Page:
Is It Women Who Hold Other Women Down At Workplace, Or A Mindset?
An argument we often hear when we question the bias that women face from men at the workplace is that of the queen bee syndrome. Aren’t women more hostile to their female colleagues? In fact, rivalry among women at workplace is the thing legends and pop culture are made of. So what right do women have, to call out hostile male behaviour at work, when they face the same, or worse, from their own gender? While Queen Bee syndrome and workplace rivalry is indeed a reality, let us not forget that women don’t necessarily hold each other down in offices. And if they do, there is a reason for that.
- It is a common notion that women are their own kind’s fiercest rivals at the workplace.
- But how true are the Queen Bee syndrome and workplace rivalry?
- If women do impede the growth of their own kind, is it because they have to emulate male behaviour to succeed?
- With the rise in conversation on gender issues, women have finally realised that their main rival at the workplace is misogynist mind-set, not other women.
While Queen Bee syndrome and workplace rivalry is indeed a reality, let us not forget that women don’t necessarily hold each other down in offices. And if they do, there is a reason for that.
As a recent thread by physician Arghavan Salles pointed out in a Twitter thread, when women aren’t truly empowered, it becomes difficult for them to support their female colleagues, and this happens across all fields. She shared a research which says that women leaders who are afforded much managerial discretion behave in a benevolent manner toward subordinate women. This basically means that when women attain security in a high position, it becomes easier for them to uplift other women. But then why do women see other women as rivals in the first place? This is because the male-dominated power structures make it difficult for them to progress due to gender bias. Thus women end up seeing their own gender as a hurdle in their progress, and not the misogynist attitude which is the real culprit.
As Salles says in one of her tweets, “Basically, if women need to be different from other women in order to succeed (as they do in male-dominated fields), they distance themselves from their in-group—they think of themselves in more masculine terms and disavow other women.”
To understand this, go back to your childhood or teen years for a minute. We all have that one cool group in our class of which we wanted to be a part of so desperately. We begin to identify with their likes, habits and body language and abhor whatever keeps us outside of that coveted circle. This is exactly what women experience in power circles. They begin identifying with male thought process and aggression to be a part of the power circle they occupy. Why? Because even today women are a rarity in decision-making, power holding tiers across fields. And what is alienating them from these circles? They have the skills, they have the qualification and they have the experience. So eventually, it is their gender. Thus the cost women pay for progress is of adapting the very mind-set which is resisting the influx of their kind in higher positions.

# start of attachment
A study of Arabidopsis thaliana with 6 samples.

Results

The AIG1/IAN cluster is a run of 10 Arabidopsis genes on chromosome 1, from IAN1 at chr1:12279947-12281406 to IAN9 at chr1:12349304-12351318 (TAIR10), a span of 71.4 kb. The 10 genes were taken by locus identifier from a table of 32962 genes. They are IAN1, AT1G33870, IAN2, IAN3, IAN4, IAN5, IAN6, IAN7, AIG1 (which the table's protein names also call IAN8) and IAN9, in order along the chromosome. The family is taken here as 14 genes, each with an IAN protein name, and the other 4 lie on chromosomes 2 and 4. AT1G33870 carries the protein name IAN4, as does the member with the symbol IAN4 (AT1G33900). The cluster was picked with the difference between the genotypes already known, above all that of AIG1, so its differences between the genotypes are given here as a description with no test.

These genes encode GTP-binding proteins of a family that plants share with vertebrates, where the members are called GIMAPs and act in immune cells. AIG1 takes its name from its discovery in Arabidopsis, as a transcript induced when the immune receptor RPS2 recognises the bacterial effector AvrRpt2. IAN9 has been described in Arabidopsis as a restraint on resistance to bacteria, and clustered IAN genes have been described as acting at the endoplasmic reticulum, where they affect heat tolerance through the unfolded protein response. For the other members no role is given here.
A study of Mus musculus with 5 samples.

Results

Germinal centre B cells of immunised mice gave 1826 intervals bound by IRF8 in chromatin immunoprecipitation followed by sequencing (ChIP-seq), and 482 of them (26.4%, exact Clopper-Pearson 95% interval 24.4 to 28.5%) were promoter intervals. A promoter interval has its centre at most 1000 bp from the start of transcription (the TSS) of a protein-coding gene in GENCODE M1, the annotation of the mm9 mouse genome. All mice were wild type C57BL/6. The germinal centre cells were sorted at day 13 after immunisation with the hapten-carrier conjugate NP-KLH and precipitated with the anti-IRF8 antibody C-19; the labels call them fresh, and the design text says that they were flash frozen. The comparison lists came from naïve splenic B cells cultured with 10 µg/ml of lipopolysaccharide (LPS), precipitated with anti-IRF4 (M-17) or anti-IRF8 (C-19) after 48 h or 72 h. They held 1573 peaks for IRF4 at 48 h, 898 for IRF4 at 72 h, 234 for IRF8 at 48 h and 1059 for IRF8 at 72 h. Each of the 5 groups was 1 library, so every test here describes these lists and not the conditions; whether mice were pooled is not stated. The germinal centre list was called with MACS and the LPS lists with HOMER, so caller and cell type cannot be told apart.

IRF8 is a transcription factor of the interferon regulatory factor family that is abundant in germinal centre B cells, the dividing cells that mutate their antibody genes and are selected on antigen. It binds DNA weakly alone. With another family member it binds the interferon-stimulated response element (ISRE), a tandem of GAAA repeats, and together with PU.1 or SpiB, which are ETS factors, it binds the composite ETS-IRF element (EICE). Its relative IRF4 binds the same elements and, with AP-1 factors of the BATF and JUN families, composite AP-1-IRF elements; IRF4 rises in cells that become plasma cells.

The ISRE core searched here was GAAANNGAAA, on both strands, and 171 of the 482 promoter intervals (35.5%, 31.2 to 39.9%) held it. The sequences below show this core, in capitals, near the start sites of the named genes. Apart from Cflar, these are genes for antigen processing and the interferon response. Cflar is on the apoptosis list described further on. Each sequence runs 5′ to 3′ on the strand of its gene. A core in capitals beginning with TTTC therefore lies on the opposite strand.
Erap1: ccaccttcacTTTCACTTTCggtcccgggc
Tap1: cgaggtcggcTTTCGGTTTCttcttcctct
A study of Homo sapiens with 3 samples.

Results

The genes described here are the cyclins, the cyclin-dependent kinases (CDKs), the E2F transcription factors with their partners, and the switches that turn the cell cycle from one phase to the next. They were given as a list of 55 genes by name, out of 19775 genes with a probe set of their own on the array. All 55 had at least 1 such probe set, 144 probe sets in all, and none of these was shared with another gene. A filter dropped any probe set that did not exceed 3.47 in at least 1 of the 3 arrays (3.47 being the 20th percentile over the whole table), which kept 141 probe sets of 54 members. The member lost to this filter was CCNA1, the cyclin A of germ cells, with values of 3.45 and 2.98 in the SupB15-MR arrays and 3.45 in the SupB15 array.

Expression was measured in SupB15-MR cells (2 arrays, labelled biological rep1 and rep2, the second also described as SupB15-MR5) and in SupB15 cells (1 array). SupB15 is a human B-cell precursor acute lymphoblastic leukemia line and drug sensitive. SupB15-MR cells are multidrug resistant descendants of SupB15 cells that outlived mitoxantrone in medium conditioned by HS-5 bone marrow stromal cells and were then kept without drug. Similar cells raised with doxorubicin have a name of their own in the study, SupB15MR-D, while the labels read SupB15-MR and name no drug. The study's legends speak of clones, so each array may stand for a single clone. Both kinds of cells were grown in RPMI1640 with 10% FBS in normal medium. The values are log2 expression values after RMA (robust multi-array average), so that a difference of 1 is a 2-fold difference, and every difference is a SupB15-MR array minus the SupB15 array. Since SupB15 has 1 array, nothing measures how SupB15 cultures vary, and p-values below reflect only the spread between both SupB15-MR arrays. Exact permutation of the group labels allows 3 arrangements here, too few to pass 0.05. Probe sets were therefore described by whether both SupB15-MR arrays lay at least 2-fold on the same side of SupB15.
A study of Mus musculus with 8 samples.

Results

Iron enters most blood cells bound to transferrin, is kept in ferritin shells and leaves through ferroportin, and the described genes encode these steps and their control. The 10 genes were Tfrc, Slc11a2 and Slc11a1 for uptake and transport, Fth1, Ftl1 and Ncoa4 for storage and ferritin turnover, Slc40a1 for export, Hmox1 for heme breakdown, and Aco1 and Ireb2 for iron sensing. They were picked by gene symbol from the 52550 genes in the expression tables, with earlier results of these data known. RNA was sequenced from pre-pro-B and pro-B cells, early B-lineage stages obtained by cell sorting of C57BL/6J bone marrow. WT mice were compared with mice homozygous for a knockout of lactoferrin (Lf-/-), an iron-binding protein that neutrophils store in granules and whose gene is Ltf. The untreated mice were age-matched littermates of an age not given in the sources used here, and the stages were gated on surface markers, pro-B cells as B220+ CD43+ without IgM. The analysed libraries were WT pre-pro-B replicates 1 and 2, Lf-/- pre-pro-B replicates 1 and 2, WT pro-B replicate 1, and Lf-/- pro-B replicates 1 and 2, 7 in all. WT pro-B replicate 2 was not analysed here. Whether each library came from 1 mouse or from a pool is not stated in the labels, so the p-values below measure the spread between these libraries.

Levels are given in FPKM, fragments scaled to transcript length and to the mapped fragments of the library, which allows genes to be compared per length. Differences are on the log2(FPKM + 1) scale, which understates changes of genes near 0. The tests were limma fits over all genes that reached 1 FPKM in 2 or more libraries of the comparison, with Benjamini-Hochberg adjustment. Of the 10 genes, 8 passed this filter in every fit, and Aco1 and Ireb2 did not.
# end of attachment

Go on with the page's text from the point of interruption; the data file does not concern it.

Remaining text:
Women have to compete among themselves, because there is a limited space for their gender on top. It is this space which needs to expand. It is the mind-set that encourages hostility among women which needs to go.
Another plausible reason for women rivalry at workplace is the limited opportunities their gender is given. There is no point in seeing men as rivals, because male privilege has their backs. Women have to compete among themselves, because there is a limited space for their gender on top. It is this space which needs to expand. It is the mind-set that encourages hostility among women which needs to go. Queen Bee syndrome, women rivalry are all true, but it is equally true that women can help other women climb the ladder of success if they don’t have to constantly look over their backs. Also, not all male colleagues are hostile, but just as women leaders, they are constrained by gender politics and have a limit to which they can help women colleagues out.
With the rise in conversation on gender issues, one can see the rise in empathy among women for their female colleagues. They have finally identified what the real impediment is in their progress, and that they can only overcome the hurdle of gender bias if they stand by each other, not against each other. Sky is the limit for women, but in between lies the proverbial glass ceiling, which wasn’t put in place by men, but the views they hold, due to conditioning.
So it isn’t women who are to be exactly blamed for their hostility towards their own kind. Thus the rectification can also truly not come from women, one hundred per cent. Eventually, the key is to loosen the patriarchal grasp on our power structures, to allow more influx of women and to assure them security. When women don’t have to trample over each other to emerge successful, they simply wouldn’t.
Yamini Pustake Bhalerao is a writer with the SheThePeople team, in the Opinions section. The views expressed are the author’s own.